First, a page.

We promote the use and conservation of the ‘Thai Pony’ breed which is now found to be a naturally occurring breed with ancient DNA patterns.
We conduct DNA testing of equines in Lampang as well as other communities to verify the genetic makeup and run a breeding program to conserve their heritage through collaboration with the Equine Genetics Laboratory at UC Davis, USA. We also conduct public awareness programs about the conservation of the breed.
The Thai Pony is suitable as a working equine, such as pulling carriages or transporting goods because they have special characteristics such as:
Sturdy stature with strong back and neck muscles
Thick soles and hoof wall
Tolerant to the tropical climate
Adapted to the local hilly terrain
Have natural immunity and tolerance against many infectious
Easy to train, versatile and do not panic easily
What does a Thai pony look like?
Height not over 130 cms
Big head, thick neck and broad chest
Many have ancient markings
Light colour around muzzle, eyes and underbelly
Why should we be interested in this breed?
Studies in collaboration with the Equine Genetic Lab at UC Davis suggest an important link to the ancient breed of horses in Mongolia.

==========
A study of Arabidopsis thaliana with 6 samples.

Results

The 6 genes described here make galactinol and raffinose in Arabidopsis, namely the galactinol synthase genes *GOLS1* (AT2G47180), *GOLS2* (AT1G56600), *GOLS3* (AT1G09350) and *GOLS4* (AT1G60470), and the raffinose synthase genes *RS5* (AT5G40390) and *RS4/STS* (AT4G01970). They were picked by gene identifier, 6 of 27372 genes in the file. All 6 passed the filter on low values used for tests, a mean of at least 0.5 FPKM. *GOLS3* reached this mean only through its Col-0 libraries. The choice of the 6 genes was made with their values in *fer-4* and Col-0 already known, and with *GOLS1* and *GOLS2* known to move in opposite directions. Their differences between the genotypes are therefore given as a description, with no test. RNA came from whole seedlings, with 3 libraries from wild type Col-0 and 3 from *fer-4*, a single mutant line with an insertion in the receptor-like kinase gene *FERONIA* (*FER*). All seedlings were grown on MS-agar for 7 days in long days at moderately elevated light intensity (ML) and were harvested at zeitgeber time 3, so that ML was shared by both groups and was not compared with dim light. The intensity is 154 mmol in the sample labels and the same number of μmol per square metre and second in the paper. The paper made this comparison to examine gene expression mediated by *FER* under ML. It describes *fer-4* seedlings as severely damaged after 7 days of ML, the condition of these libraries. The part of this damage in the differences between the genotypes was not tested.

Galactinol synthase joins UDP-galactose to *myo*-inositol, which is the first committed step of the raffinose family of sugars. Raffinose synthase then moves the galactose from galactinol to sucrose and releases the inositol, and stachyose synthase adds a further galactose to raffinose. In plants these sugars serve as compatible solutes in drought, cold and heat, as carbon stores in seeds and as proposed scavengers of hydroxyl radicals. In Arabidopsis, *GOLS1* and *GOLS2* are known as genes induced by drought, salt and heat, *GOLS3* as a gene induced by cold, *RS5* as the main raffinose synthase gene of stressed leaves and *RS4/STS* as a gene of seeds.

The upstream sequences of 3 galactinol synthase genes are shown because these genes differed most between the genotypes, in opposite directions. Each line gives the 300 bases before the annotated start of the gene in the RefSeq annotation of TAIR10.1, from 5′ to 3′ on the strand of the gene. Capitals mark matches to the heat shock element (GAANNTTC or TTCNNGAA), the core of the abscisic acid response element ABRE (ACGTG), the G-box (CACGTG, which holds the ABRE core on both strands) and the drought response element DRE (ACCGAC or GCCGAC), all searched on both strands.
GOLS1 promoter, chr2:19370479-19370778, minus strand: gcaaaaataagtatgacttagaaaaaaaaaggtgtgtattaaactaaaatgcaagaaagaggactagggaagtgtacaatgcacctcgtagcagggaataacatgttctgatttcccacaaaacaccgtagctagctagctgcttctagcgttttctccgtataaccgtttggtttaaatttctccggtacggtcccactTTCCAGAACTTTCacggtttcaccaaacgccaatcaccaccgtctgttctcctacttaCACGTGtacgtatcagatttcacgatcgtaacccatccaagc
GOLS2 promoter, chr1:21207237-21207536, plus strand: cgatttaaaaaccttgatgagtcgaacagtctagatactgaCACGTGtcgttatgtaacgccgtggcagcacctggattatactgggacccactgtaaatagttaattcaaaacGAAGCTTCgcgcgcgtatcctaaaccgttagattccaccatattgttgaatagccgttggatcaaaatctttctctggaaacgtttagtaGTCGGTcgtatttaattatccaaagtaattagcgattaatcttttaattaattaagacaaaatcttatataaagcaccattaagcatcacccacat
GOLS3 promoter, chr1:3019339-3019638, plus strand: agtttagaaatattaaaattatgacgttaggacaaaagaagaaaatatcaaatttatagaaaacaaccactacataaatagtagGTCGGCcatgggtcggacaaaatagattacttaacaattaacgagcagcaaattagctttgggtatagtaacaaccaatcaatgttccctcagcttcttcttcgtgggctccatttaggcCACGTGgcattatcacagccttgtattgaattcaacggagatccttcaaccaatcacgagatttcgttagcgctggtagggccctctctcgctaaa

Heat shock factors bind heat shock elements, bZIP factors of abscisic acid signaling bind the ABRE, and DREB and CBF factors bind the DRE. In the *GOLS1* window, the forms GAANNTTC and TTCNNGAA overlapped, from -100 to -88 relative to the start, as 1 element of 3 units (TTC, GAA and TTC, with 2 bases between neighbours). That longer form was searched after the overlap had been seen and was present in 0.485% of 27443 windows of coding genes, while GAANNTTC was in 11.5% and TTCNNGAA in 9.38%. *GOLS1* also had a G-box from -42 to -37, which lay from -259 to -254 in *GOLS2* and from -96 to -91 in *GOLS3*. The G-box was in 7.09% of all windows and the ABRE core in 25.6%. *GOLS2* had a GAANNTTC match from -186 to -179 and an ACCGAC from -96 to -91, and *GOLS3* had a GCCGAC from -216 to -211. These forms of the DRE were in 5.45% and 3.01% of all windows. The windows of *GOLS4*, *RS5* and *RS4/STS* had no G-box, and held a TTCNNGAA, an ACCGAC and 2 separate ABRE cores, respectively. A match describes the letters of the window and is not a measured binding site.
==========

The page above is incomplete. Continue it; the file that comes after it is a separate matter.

“In conclusion, the analyses carried out thus far have characterized a native horse population - the Thailand Pony – which had not been previously studied.
Native populations of livestock are at risk of disappearing across the globe and have been the subject of efforts to preserve these genetic resources. The native Thailand Pony is a working equid that has deep links with the history and culture of Thailand.
While work still continues, the genetic analyses performed thus far support the existence of a population of animals with the necessary physical and genetic characteristics to represent a breed closely related to the ancient Mongolian Horse.
Their continued presence in Thailand attests to their history of adaptation to and survival in the tropical environment of the country without much human interference. Efforts to preserve this equine population are well justified. Molecular and statistical methods that are already in place are available to assist in the identification of animals targeted for conservation.”